Sunday, October 25, 2015

A Final Goodbye to Margarita Khemlin

Learning yesterday morning that Margarita Khemlin had died during the night, apparently after her heart stopped, made for a horribly sad wakeup and some unsteady days. She was only 55; I will miss her and her writing. Rita was more than just a favorite writer: she was also the first author I chose, myself, to translate, and it was a treat to see her at Russian literature events in various places over the last several years. I feel tremendous respect, affection, and gratitude to her, as a writer and as a person.

Rita was funny (she loved calling me “Becky” because I reminded her of Becky Thatcher) and she was generous (she let me translate her when I had no translation credits whatsoever) but of course it was her writing that endeared her to me first, long before we corresponded or met. The initial appeal of her writing was in its humor and generosity, too, but her books grew on me because of Rita’s ability to describe the long-term effects of World War 2, things Rita grew up with in her native Ukraine. I love her use of skaz technique, I love her complex characters, I love the amber necklace she made for me (it’s a sort of good luck charm for my readings), and I love remembering the time I spent with her.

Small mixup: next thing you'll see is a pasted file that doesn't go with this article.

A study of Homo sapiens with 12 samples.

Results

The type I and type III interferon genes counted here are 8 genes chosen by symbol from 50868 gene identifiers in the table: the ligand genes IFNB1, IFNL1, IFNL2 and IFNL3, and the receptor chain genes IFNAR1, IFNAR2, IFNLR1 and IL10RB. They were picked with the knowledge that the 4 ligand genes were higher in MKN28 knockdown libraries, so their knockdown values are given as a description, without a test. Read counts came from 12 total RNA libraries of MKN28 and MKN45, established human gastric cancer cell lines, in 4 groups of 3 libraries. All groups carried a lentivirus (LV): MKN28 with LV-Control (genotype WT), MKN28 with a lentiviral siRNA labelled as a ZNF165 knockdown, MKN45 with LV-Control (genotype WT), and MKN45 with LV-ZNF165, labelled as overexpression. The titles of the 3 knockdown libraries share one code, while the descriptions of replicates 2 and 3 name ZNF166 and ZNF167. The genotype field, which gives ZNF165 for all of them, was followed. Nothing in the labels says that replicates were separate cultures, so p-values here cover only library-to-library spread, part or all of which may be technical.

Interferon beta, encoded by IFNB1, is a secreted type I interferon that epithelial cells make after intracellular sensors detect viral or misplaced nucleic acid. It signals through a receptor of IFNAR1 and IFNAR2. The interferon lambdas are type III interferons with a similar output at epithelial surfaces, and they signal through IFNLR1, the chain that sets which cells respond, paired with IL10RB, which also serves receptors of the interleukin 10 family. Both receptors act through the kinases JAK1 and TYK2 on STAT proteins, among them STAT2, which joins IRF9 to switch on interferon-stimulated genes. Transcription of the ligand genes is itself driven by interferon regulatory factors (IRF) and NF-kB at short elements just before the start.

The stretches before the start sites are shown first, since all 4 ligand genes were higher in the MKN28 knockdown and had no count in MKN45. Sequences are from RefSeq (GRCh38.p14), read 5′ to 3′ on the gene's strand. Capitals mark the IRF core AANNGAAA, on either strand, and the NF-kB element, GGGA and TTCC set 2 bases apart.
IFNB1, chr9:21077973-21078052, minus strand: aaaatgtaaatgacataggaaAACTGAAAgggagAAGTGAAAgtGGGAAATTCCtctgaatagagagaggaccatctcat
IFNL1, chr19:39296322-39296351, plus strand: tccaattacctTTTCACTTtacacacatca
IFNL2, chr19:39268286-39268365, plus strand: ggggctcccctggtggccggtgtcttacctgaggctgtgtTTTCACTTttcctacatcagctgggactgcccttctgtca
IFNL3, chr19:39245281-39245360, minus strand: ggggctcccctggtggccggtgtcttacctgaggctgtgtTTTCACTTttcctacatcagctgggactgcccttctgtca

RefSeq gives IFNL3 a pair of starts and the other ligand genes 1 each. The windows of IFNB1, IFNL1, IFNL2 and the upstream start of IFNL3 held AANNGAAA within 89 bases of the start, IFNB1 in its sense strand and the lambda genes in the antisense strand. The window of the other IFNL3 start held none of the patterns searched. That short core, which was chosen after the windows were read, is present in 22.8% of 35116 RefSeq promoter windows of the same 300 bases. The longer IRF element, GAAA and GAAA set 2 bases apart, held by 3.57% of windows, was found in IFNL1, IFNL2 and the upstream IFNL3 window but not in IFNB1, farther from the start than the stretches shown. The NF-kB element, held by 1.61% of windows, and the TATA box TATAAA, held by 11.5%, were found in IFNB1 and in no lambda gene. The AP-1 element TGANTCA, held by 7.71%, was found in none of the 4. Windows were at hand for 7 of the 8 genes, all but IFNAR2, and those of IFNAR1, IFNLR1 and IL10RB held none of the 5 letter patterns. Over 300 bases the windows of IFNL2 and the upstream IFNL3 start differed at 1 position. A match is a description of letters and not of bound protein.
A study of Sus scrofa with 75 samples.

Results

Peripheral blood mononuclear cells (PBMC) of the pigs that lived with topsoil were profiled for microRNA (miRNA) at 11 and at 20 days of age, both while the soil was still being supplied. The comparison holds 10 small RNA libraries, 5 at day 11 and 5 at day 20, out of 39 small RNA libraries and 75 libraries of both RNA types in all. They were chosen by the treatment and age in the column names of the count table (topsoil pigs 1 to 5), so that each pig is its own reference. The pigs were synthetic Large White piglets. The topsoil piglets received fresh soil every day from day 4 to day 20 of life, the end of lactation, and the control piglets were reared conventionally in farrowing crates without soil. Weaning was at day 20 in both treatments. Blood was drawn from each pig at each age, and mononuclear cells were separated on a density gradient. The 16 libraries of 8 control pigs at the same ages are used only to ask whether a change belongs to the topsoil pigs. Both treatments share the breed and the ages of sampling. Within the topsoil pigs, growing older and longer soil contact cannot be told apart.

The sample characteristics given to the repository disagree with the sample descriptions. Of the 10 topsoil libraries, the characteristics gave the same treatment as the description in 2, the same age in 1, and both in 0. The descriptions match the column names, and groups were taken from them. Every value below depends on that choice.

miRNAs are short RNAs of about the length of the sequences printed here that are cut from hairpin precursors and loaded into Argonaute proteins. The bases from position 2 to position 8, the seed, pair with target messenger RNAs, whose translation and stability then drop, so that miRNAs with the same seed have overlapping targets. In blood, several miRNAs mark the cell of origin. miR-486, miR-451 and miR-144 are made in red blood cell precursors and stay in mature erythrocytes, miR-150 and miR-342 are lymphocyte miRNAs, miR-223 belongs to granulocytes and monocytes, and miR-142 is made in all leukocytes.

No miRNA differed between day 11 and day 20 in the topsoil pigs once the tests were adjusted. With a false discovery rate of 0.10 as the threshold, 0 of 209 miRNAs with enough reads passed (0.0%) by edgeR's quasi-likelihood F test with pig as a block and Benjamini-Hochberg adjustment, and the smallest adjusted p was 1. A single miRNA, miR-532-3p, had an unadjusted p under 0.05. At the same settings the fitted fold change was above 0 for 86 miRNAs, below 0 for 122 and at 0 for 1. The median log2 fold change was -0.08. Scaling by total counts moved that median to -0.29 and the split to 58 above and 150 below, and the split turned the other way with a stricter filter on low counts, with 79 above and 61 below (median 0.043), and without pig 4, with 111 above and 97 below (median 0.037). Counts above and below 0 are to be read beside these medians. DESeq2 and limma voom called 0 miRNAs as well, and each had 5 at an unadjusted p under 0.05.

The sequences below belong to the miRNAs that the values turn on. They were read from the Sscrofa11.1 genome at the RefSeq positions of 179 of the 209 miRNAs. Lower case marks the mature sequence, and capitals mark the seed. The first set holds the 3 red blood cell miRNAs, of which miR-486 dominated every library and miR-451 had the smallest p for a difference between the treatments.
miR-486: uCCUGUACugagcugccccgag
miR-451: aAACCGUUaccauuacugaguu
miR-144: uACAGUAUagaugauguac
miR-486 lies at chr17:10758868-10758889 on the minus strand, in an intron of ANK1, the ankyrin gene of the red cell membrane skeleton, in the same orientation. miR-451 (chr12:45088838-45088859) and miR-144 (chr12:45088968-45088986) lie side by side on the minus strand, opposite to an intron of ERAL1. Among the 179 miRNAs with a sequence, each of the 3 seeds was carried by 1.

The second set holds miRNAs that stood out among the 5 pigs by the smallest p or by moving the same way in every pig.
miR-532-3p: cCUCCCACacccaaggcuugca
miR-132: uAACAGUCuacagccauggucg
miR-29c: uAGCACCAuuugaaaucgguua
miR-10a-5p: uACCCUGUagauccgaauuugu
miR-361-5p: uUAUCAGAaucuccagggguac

I’m going to list, below, Rita’s works that have been translated into English and links to previous posts about her books. Before I do that, though, here’s a lovely piece for Izvestia written by Evgenia Korobkova that speaks of Rita’s achievements and character. Among other things, Korobkova mentions that Rita was to have been jury chair for the Russian Booker next year.

Works translated into English:
  • The Investigator (Дознаватель), translated by Melanie Moore, was published on October 15, 2015.
  • “Shady Business” (“Темное дело”), translated by me, was published in the journal Subtropics, Issue 17, winter/spring 2014. (A brief description here.)
  • “Basya Solomonovna’s Third World War” (“Третья мировая Баси Соломоновны”), translated by me, was first published in Two Lines XVIII/Counterfeits and reprinted in the Read Russia! anthology, available free, in PDF form, here. (The Russian originals of both the stories I translated are here.)

Past posts:


  1. My condolences. Your posts have made me look forward to reading her.

    1. Thank you, Languagehat. I think you'd enjoy her writing a lot.